Slasher Month: The Power (1984)

Jeffrey Obrow is a stellar screenwriter and director — who teaches at USC’s film school — who should be a horror household name, but alas. . . . He gave us the Daphne Zuniga Friday the 13th rip that is The Dorm That Dripped Blood (1982), which served as his feature film debut, the hag n’ trollsploitation two-fer starring Rod Steiger and Kim Hunter that is The Kindred (1987), the pretty cool Dean R. Koontz adaption of Servants of the Twilight (1991), and what I thought was a pretty decent take on Bram Stroker’s “Jewel of the Seven Stars” with Legend of the Mummy (1998). Each are highly recommended watches for your this year’s “30 days of Halloween” watch schedule.

Here, in his second film, a group of people come into possession of an ancient, Aztec clay doll. However, the doll is possessed by an evil spirit. . . .

Cry (low budget) havoc and let slip the (meh acting) mayhem by way of a class project as four high schoolers research the trinket — in a graveyard with a Ouija board, of course. Modeled after Destacatyl, a Mexican god, the idol was acquired by one the student’s parents from their own South of the Border excursion to learn of its myth. Jerry (Warren Lincoln, over and done after the 1986 pseudo-U.S. giallo, Torment) soon becomes obsessed with learning more about the idol . . . then becomes obsessed by the idol’s trapped spirit.

Let slip the stalking. . . .

Is the inanimate-objects-possessing-the-souls plot a bit derivative? Does the concept of possessed idols, which are knock offs of the ol’ “genie in a bottle” stories of yore, date back to the Hammer/Amicus drive-in ’50s and ’60s? Sure, but what movie in the John Carpenter and Sean S. Cunningham ’80s backwash, doesn’t?

However, thanks to Jeffrey Obrow — along with his usual partner, Stephen Carpenter — while the acting isn’t that great, the script is production-solid, the film is effectively spooky n’ atmospheric (with a truly shock-scaring arms-out-of-the-bed pisser), the film score does its job, the effects are low-budget but Fangoria gooey-goo great, and the ending has a decent didn’t-see-it-coming twist.

Sadly, The Doom That Dripped Blood, The Power, The Kindred, and Servants of the Twilight, while each are well-made, valiant efforts, they were not the box office bonanzas Jeffery Obrow and Stephen Carpenter hoped; each went their separate ways. All four are fine films. I wished they would have made more. . . .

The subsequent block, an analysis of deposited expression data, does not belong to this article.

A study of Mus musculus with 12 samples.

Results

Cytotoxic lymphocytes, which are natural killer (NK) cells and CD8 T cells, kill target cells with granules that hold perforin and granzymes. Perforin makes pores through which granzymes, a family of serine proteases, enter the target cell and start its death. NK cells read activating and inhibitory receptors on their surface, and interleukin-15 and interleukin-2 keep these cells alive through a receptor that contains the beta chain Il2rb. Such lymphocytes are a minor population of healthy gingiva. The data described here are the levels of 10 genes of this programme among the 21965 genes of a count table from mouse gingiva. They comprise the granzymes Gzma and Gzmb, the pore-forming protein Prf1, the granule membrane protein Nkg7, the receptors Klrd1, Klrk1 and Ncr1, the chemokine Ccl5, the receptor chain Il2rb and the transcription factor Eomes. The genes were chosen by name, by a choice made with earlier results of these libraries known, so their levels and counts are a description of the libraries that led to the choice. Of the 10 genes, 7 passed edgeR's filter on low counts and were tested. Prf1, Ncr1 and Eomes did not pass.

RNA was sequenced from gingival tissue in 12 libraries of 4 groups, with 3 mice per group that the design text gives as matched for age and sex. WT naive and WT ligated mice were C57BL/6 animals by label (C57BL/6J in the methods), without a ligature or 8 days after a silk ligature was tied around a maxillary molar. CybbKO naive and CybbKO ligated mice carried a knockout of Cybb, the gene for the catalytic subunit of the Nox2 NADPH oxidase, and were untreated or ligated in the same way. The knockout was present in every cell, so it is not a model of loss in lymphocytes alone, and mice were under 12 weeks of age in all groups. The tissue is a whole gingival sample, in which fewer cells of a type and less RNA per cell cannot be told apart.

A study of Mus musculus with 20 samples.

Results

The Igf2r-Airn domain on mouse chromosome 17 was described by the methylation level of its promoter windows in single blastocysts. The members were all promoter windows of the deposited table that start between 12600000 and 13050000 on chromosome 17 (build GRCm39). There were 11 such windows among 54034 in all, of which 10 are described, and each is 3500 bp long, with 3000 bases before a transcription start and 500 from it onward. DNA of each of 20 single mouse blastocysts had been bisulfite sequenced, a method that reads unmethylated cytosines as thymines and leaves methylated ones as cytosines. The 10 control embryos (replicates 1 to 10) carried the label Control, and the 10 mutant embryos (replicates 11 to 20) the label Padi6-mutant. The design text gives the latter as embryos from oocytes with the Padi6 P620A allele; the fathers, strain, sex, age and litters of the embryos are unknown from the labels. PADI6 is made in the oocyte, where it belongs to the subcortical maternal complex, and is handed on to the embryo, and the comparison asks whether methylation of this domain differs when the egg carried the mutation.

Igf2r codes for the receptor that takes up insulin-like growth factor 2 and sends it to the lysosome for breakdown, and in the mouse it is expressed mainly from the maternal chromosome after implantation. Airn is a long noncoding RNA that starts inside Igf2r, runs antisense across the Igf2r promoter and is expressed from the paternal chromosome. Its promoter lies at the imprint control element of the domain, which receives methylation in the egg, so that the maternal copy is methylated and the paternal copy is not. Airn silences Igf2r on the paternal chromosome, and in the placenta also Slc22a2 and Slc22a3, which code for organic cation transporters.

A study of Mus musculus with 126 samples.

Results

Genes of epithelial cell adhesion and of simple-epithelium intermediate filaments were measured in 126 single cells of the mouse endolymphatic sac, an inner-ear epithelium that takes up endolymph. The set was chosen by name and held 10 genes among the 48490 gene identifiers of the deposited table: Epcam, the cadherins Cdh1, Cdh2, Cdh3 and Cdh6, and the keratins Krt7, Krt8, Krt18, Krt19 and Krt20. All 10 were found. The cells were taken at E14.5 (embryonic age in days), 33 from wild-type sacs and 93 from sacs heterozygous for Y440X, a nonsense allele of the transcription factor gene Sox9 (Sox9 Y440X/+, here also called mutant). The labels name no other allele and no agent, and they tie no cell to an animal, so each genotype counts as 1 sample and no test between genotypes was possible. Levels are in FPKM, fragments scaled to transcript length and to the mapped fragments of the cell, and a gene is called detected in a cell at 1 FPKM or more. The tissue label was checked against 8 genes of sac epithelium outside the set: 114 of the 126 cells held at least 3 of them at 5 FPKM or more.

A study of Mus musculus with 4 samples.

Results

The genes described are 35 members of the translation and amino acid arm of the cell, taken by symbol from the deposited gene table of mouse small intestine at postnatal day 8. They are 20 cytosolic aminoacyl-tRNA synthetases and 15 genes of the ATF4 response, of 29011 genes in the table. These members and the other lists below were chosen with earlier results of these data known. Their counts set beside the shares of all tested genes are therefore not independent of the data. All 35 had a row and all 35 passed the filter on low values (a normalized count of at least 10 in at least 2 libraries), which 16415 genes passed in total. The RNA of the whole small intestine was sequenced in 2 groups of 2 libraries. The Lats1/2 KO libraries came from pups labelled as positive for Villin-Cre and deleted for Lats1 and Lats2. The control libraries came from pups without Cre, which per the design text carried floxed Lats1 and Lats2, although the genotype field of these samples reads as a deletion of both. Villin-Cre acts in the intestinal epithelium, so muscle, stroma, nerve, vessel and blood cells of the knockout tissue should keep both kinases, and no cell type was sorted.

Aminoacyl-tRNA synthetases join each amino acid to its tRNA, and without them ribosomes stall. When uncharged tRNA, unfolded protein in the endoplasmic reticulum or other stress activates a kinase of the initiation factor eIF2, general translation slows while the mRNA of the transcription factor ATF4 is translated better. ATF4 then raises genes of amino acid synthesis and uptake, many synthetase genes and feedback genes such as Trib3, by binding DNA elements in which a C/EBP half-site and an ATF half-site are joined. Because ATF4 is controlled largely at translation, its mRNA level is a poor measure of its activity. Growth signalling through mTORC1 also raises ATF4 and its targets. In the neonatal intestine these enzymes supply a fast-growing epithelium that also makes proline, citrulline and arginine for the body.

Jeffrey Obrow, as result of his transition into academia, slowed down his career, but came back with the aforementioned Legend of the Mummy and three more horrors (not as effectively-distributed): They Are Among Us, The Perfect Host, and One by One; his latest, currently-in-production writing and directing effort, is the Molly Ringwald-starrer, Pursued (2022). If you like to know more about Jeffrey Obrow’s work, look for his August 1991 Fangoria interview with Anthony C. Ferrante, “To Serve the Twilight,” in promotion of his Koontz adaption (sorry, no online scans; copies abound on eBay, however).

Stephen Carpenter eventually hit box office gold penning the Martin Lawrence action-comedy Blue Streak (1999) and the Samuel L. Jackson comedy, The Man (2005). Did you see Eliza Dushku in Soul Survivors (2001)? Well, that’s Stephen behind the Brother processors and Canon Reds. Then, between 2011 to 2017, he created and scripted the 123-episode run of Universal/NBC-TV’s Grimm.

And in production backstory twist: While Obrow and Carpentet co-penned and directed The Power, the initial concept and story draft was done by John Penney: he gave us the box office failure Zyzzyx Rd. (2006), a film that made a lousy $20 bucks in its brief theatrical run.

Oh, and one of our students, in her debut, is Suzy Stokey: she became a go-to actress for our beloved Fred Olin Ray (A Christmas Princess) in his films The Tomb, Star Slammer, and Deep Space.

You can watch this ad-free on the Internet Archive.org or with-ads on Tubi.

About the Author: You can learn more about the writings of R.D Francis on Facebook. He also writes for B&S About Movies.